ONTARIO — A pop-up festival in downtown Ontario on Saturday will be leaving a lasting impression on the city, as at least one local business will be getting a permanent art installation as part of the event.
Organizers say the goal of the Eastern Oregon Mural Festival is to foster more public art in Ontario.
The event is being put on by Treasure Valley Cannabis Company, a future recreational marijuana dispensary in Ontario owned by Jeremy Archie, formerly of Portland and now living in Boise.
When he first started coming over to the area with his colleagues to get the ball rolling on his future shop, which is slated to be in the 400 block of Southeast 12th Avenue, they noticed there wasn’t a lot of art in Ontario.
“Since spending more time in Ontario, we noticed only one or two public art or murals in town,” said Chase Muromoto, marketing director. “Over time, we want to start bringing more of that creativity to the town.”
As art is lacking in the city, he said, it makes Ontario feel like it is behind other towns.
“We want to help bring that modern touch,” Muromoto said, explaining that the hope is to connect the community with other artists during Saturday’s collaborative, which will feature about 15 painters, as well as other artists, including local and regional glassblowing artists who will be demonstrating their work, as well as vending.
The painters not working on the murals will be painting panels in the park, and the hope is to eventually install those panels in some kind of permanent public art exhibit, Muromoto said. Painters will come from the Ontario area, the Portland Metro area and Boise, too.
One of the painters on tap is Thrashbird, a well-known L.A.-based street artist who originally hails from Boise. He has been helping push the festival into the spotlight, Muromoto says. Thrashbird’s art is considered a creative movement and often includes bigger abstract murals and installations.
Another artist out of Portland will be doing tattoo illustrations, said Muromoto.
Originally, the plan was to use ladders for the permanent mural walls, however, Pro Rental & Sales in Ontario is now going to provide scissor lists for those projects.
A year in the making
Since he was first looking at setting up shop in the downtown area, Archie decided to invest in his future business community. The buffer zones enacted by Ontario City Council meant he couldn’t set up where he was initially hoping on South Oregon Street, according to Cummings, but he still decided that area of town needed attention.
According to Tracy Hammond, owner of Vintage Rose, Archie first approached her about a year ago about his goals in trying to make Ontario look a little more presentable.
“He wanted to put a great spin on what they could do for Ontario,” she said.
Hammond’s shop was one of four that the future dispensary originally lined up to get a gift of a permanent mural painted on their wall.
“One thing we were running into with a lot of these businesses is they get cold feet, because they start to realize the murals are really nice, but almost too modern for them,” Muromoto said.
While some murals can cost up to $20,000 for a respected artist to install, he said, some owners weren’t comfortable not having some kind of control in the final design.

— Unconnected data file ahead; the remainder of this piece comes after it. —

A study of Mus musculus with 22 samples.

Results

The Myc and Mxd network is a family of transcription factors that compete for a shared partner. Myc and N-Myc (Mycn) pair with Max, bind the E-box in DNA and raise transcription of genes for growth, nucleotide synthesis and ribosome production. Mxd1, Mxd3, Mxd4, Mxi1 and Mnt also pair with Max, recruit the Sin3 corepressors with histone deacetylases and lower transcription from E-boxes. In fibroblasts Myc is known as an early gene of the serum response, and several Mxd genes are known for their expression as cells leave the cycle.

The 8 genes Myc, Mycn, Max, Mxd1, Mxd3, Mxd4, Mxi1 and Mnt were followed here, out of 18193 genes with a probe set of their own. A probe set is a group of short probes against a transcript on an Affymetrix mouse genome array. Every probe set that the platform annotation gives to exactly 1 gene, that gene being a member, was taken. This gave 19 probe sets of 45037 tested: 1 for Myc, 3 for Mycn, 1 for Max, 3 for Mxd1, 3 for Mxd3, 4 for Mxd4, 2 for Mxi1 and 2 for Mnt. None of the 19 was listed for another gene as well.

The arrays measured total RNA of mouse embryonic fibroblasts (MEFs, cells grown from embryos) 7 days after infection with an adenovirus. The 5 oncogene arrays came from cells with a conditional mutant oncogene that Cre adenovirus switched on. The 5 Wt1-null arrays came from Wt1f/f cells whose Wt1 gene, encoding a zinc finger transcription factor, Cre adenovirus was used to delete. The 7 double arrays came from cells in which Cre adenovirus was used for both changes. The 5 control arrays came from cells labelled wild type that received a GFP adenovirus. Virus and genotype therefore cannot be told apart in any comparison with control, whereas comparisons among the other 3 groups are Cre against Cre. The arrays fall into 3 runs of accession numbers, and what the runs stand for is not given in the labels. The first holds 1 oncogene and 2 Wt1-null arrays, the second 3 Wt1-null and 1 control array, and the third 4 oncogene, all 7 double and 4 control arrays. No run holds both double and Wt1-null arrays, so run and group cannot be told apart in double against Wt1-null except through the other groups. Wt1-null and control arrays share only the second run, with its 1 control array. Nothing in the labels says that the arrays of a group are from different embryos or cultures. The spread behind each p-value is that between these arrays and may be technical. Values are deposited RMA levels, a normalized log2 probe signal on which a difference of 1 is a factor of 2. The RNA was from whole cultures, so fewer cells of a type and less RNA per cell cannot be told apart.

But Hammond said some people may have shied away from it because the mural project is tied to the cannabis industry. She expressed her disappointment at this line of thought.
“This man is spending money out of his own pocket to benefit Ontario, and to benefit my business,” she said. “I don’t know how my shoppers earn their money and if I don’t approve of [how they do], should I just not accept it?”
Hammond said she doesn’t see it as a bad thing when dispensaries are putting money back into our community, and wants to remind citizens of the $25,000 donation made by Hotbox Farms in 2018 to the Ontario Splash Pad.
“We have a beautiful little town and a lot going on and I just love that someone else is bringing something to it,” she said.
‘A positive effect’
The hope for Hammond and officials with the future dispensary is that in seeing one of the completed murals, more businesses might open up to the idea.
The art at Vintage Rose is going on the store’s north exterior wall along Southwest Second Avenue, and will be easily visible for people traveling along South Oregon Street.
“I’m super excited,” Hammond said of the project. “I was part of murals in Vale when they started doing those and people drove to town just to see them. This will make people stop and go, ‘Look at this!’”
The business owner, who just celebrated three years on Thursday night, said she had some people tell her they are offended that she’s letting marijuana money be affiliated with her store.
“His money isn’t being made illegally,” Hammond said. “It’s not against the law in Oregon.”
She said, herself, does not have the money to pay for such an art project.
“If he wants to take money and beautify downtown, go for it. I think it’s a positive effect on the industry,” Hammond said.
She says she doesn’t use marijuana and she doesn’t even drink or smoke cigarettes, but said that she does believe in God, who “gave us every plant.”
“I want a positive spin on marijuana now that it’s here,” Hammond said, adding that it’s the same as any other substance — some people will just overdo it, just like “over-drinking and overeating.”
“People need to realize that … life changes and this is just another life-changing thing,” she said. “I’m trying to see the positive, not the negative.”
And that goal parallels with what Treasure Valley Cannabis Company is trying to achieve with Saturday’s event.
“Any type of public art in a community is super important,” Muromoto says. “For people just walking by, it might spark creativity.”